It’s hard to imagine a world without penny candy and nickel newsreels, but for most of human history, petty transactions were a pain in the ass.
Prior to the Industrial Revolution, coinage was a labor-intensive process. Metal had to be melted, refined, hammered, and cut. Because it took just as much effort to hammer out a small coin as it did a big one, mintmasters were inclined to create only the largest denomination coins.
If it weren’t for taxation and church collections, the state would have had no reason to issue small denominations at all. To encourage the creation of small change, medieval states authorized seigniorage — mints reduced the relative quantity of silver in small denominations to offset production costs.
Debasement! Where legal tender laws are enforced, bad money drives out good. Creditors complained that debts were being repaid in shittier coins than what was lent out. In states without legal tender, the large-denomination coins became the unit of account, and smaller coins had a floating exchange rate depending on their level of debasement.
The more the small denominations were debased, the worse the exchange rate got. Seeing small denominations as a poor store of value, people melted them for the commodity silver, exacerbating the small-change shortage. Small coins provided liquidity, but the liquidity service was not valuable enough to counteract debasement.
The biggest transaction cost is trust.
The title question is backwards. Value does not come from the ability to spend; the ability to spend comes from value. The full-bodied large coins were more valuable than liquidity-providing small coins because the gold and silver content securely constrained their supply.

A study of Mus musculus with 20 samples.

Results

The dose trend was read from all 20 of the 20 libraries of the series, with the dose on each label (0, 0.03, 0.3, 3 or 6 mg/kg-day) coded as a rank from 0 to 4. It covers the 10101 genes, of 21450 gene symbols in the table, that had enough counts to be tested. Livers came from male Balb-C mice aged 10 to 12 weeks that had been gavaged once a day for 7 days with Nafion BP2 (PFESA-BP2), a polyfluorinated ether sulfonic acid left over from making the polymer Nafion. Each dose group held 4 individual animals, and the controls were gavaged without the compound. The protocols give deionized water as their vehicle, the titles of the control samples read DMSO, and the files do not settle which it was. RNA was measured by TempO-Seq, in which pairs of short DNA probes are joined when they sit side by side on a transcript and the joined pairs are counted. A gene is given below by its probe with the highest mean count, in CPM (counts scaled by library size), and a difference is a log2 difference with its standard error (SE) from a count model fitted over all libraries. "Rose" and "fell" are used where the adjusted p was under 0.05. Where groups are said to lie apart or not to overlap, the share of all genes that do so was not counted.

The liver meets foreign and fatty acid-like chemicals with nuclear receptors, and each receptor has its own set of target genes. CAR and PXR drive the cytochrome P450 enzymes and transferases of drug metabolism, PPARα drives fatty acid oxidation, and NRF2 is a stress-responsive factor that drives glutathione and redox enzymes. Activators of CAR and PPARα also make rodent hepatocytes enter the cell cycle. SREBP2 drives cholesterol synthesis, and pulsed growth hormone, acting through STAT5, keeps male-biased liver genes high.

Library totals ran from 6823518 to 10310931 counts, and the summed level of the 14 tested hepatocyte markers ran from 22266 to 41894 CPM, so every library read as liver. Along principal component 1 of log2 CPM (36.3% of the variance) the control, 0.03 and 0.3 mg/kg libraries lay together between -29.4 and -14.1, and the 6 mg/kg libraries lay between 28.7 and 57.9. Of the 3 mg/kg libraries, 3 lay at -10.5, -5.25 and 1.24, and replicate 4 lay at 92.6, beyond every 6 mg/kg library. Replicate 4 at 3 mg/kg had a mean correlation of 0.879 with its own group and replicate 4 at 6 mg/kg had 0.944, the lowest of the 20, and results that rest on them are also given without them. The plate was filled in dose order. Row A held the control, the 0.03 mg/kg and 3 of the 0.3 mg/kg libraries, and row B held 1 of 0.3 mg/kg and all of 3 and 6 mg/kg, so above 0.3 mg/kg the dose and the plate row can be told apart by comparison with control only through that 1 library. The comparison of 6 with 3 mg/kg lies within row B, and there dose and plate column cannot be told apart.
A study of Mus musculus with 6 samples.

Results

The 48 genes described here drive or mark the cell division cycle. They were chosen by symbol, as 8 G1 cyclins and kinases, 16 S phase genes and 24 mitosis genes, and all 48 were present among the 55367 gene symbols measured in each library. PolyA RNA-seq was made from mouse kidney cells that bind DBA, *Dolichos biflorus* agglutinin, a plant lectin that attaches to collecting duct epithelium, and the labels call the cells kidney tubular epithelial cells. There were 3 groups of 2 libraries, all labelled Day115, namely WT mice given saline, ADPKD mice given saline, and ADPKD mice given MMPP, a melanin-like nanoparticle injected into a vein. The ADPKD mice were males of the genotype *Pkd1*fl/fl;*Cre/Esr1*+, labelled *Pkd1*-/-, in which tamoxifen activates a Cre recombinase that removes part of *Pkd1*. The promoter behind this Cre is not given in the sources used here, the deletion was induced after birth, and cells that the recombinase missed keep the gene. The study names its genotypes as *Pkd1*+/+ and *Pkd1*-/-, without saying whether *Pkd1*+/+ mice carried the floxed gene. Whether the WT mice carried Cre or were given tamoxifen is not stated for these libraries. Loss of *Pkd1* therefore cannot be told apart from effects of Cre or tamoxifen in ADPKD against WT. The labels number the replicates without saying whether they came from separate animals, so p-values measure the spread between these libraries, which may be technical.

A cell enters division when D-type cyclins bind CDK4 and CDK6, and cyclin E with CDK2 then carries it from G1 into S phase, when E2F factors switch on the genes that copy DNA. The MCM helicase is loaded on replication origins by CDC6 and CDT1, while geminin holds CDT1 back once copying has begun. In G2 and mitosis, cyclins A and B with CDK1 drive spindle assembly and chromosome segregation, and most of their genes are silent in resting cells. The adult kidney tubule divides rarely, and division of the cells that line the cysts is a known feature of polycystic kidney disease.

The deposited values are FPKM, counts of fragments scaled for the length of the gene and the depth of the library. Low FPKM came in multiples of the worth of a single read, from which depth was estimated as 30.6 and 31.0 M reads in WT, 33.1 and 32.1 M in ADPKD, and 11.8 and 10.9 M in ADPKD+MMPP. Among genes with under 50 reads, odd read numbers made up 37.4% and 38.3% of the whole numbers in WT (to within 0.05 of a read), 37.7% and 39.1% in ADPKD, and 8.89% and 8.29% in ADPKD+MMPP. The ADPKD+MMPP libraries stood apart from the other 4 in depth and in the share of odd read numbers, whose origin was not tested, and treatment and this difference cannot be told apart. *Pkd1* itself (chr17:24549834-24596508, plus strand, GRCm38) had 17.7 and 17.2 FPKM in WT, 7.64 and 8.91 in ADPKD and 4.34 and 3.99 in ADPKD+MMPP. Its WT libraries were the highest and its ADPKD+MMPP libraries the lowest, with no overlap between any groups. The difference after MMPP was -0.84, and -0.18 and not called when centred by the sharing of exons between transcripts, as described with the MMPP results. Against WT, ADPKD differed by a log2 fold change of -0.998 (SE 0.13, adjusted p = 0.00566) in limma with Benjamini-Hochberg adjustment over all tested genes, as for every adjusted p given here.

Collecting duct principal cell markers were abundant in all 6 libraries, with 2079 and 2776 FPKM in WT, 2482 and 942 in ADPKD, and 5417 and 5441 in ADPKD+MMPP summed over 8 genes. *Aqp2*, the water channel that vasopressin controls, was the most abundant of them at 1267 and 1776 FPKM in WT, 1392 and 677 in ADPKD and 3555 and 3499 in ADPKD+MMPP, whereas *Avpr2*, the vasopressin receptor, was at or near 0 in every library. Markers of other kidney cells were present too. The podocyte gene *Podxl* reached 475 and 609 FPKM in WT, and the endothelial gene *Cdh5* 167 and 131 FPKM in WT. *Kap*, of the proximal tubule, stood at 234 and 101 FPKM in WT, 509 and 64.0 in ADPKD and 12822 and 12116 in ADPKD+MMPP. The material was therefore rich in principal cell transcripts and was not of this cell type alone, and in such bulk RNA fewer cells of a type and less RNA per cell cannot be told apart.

There are plenty of cheap solutions for illiquidity. When small coins were scarce, retailers and craftsmen issued lead and copper tokens as a substitute for change. The tokens had no commodity value, but customers accepted them because they trusted their local businesses.
Foreign trade doesn’t have the benefit of localized trust, so merchants must rely on a scarce and unforgeable intermediate commodity. The Group 11 elements (Copper, Silver, Gold) have been universally employed as coinage metals thanks to the eons-old neutron star collisions that created a limited supply. Their shared electron configurations make them pliable and corrosion resistant. Atomic weight corresponds to the required energy input and hence, unforgeable value.
There’s no cheap substitute for securely constrained scarcity, especially since humans are so good at making scarce things abundant. Domesticated livestock, designer knockoffs, genetically engineered plants. Even labgrown diamonds are nearly indistinguishable from the real thing. We try to mimic scarcity with patents and licensing and zoning regulations, but these are all expensive solutions. Fiat money pretends to be scarce, and that costs us $600 billion a year.
People are trying to make Bitcoin knockoffs. After all, it’s human nature to want to make a scarce thing abundant. If they succeed, then Bitcoin has no value. But if Bitcoin has no value, how can anyone spend it?